Monday, October 23, 2017

business / Columnists

And everybody thought that the administration of the motorbiking Duterte Harley could hardly wait to carry out…well, “change!”

But based on the questionable public bidding that the airport corporation called MIAA did last month, it could very well be quite a long wait for us down here.

Word went around that our beloved MIAA merely dribbled around the protest that one bidder filed against its BAC, the bids and awards committee.


At the eleventh hour, the admirable BAC managed to force the disqualification of two bidders, namely, E.C. Luna and Pacific Concrete.

That brilliant move thus left a single company, which happened to be the ever-favorite Readycon, as the one and only suitable contractor for the project.

The BAC took issue with the “relevant experience” of the last-minute disqualified bidders, since the project involved some intricate construction of a short taxiway.

Really, now, would such a project be in the realm of technical complexity as a nuclear chain reaction?

Anyway, Pacific Concrete protested the BAC decision—in writing—even mentioning the amount of its bid that the BAC presumably dreaded to see.

It was actually P30 million less than the P213-million budget, compared to the bid of the lone “qualified” bidder Readycon that was only P200,000 less.

Pacific Concrete filed its protest within three days after the bidding. And what was the BAC’s reaction?


Whaaat—do we take it that, under this change-is-coming administration of the motorbiking Duterte Harley, some nameless consultants now make the decisions?

As it turned out, now more than 20 days since the filing of the protest, the poor Pacific Concrete was yet to receive word from the freaking consultants.

In another time and place, this obvious “cooking” would already merit some full blown investigation by the higher-ups. Not here!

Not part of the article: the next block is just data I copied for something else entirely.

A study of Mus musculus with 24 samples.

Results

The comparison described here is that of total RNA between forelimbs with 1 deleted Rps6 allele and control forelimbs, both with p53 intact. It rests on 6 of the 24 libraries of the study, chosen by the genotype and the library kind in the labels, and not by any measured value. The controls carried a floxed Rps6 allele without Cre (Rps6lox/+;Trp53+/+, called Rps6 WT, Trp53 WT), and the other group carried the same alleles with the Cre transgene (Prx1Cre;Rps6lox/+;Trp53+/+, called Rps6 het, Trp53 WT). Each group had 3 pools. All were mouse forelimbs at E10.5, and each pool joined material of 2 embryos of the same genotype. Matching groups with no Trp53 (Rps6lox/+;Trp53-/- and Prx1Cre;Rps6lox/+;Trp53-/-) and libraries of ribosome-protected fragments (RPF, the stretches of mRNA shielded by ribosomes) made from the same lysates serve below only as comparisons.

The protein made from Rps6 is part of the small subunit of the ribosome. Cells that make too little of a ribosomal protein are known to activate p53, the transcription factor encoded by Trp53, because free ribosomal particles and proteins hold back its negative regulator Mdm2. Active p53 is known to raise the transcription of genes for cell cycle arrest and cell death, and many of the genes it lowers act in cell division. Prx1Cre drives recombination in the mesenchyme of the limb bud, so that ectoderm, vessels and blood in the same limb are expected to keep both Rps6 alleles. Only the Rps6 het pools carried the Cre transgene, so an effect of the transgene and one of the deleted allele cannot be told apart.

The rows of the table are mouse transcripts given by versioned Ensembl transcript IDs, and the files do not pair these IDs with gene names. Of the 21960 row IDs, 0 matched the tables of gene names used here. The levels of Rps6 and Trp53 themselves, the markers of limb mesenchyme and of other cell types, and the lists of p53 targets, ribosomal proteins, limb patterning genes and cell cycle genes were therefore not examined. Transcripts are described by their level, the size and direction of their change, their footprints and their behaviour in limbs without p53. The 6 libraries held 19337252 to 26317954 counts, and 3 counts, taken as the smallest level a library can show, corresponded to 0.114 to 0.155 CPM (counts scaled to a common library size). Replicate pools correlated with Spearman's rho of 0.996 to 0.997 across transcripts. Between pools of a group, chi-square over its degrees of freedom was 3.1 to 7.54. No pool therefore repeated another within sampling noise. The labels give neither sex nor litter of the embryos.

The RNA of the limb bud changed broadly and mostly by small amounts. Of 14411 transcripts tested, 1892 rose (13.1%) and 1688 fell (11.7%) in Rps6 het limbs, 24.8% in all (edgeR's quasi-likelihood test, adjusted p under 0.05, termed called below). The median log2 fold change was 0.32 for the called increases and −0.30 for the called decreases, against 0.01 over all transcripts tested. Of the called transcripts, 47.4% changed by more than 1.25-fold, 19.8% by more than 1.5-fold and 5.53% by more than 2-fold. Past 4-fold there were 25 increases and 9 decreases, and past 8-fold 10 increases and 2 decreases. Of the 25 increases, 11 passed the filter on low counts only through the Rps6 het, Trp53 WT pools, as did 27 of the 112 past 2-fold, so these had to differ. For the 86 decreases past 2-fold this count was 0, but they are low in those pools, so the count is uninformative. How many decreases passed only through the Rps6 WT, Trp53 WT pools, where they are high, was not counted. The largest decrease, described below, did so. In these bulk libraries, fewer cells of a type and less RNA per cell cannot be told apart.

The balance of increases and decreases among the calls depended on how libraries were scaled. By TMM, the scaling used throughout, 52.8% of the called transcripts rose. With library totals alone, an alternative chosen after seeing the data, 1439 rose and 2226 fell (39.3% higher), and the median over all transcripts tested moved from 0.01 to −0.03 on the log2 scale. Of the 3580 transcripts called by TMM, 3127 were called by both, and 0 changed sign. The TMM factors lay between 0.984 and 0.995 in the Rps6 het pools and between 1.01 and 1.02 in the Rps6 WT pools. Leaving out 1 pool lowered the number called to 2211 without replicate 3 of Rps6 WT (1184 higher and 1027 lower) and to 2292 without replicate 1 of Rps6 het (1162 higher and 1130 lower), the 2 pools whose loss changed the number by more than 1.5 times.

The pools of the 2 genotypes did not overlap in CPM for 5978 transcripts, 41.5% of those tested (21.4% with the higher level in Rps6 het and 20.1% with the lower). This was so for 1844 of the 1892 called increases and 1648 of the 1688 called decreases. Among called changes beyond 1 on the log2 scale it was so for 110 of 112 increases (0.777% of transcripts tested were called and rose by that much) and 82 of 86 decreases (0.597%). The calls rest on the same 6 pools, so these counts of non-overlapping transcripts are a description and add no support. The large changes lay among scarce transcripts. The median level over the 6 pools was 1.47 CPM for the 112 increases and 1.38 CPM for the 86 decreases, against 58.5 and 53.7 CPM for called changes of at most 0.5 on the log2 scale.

From what I have gathered, Pacific Concrete already went straight up to the mother unit of MIAA, the never-do-well DOTr, the Department of Transportation.

The higher-ups told the company to have patience and just wait for the outcome of its protest with the BAC that, in turn, had to wait for the decision of the consultants.

In other words, the DOTr had no business managing its units.

As of last week, by the way, the construction work at the LRT-2 extension project, running from Santolan to Masinag on Marcos highway, was almost done right on schedule. Costing P2.3 billion, the extension would readily serve some 75,000 more passengers for LRT-2 in this traffic-infested metropolis.

But did you notice something weird about the extension? Was I just imagining things, or did it really not have any “station” on the entire stretch? Please do not tell me that the DOTr forgot to put stations along the way.

Anyway, reports said that the head of the BAC is a certain Raul Austria.

Luckily enough for him, only a few months ago, MIAA general manager Eddie Villanueva Monreal moved him from the sleepy corporate affairs to right-where-the-action-is office of the GM.

To show their track record, the bidders would have to submit something like two-inch thick documents.

Pacific Concrete was the subcontractor of all the extension projects in all the terminals at Naia, hired even by the Japanese firms Tokyo Seiki for Naia 2 and Takenaka for Naia 3.

And so did the company have to submit crates of documents to show its track record?

Come to think of it, when the venerable BAC reviewed the documents of the favorite Readycon, its honorable members took only five minutes.

At the same time, for the documents of the disqualified bidders, they needed more than an hour each.